Just how big was Linda McMahon's bankruptcy debt?

Her rise from bankruptcy to riches, along with husband Vince McMahon, as they built their wrestling company into a billion-dollar entertainment juggernaut, is an established part of the officially sanctioned Linda McMahon story.

She mentions the bankruptcy a lot, and it appears frequently in campaign biographies and commentaries.

And, of course, little that this much-rehearsed Senate candidate mentions is ever casual or inadvertent.

Indeed, a glossy McMahon campaign brochure touting the bankruptcy - something most of us might prefer to forget - arrived in my mailbox recently.

"Rock Bottom," begins this piece, which gives a folksy account of Linda and Vince McMahon's visit to bankruptcy court "30 years ago," when the couple lost "our home, our cars . . . everything."

The piece, signed by Linda, goes on to say how her car broke down that day on the way to court and that a tow truck driver finally gave her a lift.

As contrived as this story may seem, it is supported with an old photograph that shows a 1970s-era tow truck parked in front of the courthouse, suggesting it was a picture Linda snapped before running inside to finish escaping from her creditors.

Presumably, the truck driver never got paid either.

"After signing the bankruptcy papers, Vince and I buckled down. We cut expenses where we could and stretched our dollars to get by," McMahon recounts in the brochure.

Fair enough. Bankruptcy, easier then than Republicans have made it now, was created to give people a fresh start.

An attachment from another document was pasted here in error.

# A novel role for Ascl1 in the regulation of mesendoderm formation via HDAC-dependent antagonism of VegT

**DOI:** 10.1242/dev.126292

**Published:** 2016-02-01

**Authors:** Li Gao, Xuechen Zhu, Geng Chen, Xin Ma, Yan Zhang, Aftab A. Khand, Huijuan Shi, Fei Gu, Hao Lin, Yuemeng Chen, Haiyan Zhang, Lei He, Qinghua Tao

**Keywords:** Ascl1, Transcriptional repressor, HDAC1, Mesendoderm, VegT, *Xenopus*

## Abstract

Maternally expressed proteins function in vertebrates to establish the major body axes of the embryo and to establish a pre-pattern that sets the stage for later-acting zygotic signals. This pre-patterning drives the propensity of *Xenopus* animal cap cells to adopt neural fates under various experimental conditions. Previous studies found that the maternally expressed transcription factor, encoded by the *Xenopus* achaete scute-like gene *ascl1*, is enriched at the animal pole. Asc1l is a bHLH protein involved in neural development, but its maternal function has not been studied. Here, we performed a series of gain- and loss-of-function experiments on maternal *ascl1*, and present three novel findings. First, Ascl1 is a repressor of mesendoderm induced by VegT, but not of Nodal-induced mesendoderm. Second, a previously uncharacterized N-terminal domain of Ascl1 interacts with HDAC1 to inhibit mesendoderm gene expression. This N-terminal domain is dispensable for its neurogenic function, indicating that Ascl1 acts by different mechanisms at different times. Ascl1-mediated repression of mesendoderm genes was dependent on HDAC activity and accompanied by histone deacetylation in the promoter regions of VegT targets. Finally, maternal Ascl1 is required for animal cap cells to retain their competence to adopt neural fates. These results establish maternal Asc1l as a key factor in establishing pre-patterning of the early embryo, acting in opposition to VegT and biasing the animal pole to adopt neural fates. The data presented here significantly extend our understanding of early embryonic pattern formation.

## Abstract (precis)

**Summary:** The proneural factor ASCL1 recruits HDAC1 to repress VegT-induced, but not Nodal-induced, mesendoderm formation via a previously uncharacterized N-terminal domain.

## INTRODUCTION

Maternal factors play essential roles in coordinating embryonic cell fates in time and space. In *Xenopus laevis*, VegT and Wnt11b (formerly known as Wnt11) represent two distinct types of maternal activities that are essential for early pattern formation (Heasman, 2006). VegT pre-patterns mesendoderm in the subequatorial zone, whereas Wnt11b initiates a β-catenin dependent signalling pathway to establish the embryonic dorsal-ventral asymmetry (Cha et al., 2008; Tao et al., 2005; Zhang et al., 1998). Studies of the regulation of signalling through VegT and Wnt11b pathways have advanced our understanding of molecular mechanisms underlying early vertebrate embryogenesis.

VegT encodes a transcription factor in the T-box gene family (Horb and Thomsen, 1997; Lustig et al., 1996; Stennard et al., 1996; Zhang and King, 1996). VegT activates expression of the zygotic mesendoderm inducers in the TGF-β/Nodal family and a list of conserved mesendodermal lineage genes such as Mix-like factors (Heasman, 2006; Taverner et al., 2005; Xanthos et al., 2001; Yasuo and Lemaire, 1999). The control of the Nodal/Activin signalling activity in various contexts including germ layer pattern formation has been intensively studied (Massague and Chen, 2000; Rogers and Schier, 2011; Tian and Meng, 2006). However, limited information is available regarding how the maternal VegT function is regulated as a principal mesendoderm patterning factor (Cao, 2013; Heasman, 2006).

I got a call earlier this year, though, from a reader wondering just how big the McMahons' debts were and exactly how much of that was eliminated all those years ago. In other words, exactly what did they walk away from?

This seemed like a fair and reasonable question to me, so I posed it to McMahon during an interview here at the newspaper this spring. She gave me what I now recognize as a typical, wide-eyed, innocent-looking blank gaze, and said she didn't remember how much was involved.

Fair enough.

I decided to check the actual record, after receiving the latest McMahon brochure touting the bankruptcy, only to discover that it is gone.

A clerk for the U.S. Bankruptcy Court in Hartford told me there is a record of the McMahons' filing in 1976, and a discharge was issued Feb. 16, 1977.

But the paper file, which would have shown how much was owed, and to whom, is long gone. This is not unusual, she assured me, given the length of time involved.

She also allowed that I was not the first person to call asking to see the McMahon bankruptcy file.

I'll bet.

I asked a McMahon campaign spokesman last week for a better accounting of the bankruptcy.

I got a call back Friday afternoon with a report that they couldn't find any records. The spokesman allowed, when questioned further, that it may have been in the vicinity of a $1 million, based on people's recollections.

I'm not entirely sure whether $1 million was a lot to have run up in debt in 1976 or not. But it was sure a lot of money then.

The campaign spokesman did clarify one other thing: the picture of the tow truck in front of the bankruptcy court, included prominently in the brochure, is a fake.

I guess it was naïve of me to even ask.

Clearly the grainy old photograph, made to look like it slipped from the McMahon family album, is just part of the stagecraft.

It's part of embellishing and manipulating the story line, something we know the McMahons have gotten rich doing so well.

This is the opinion of David Collins.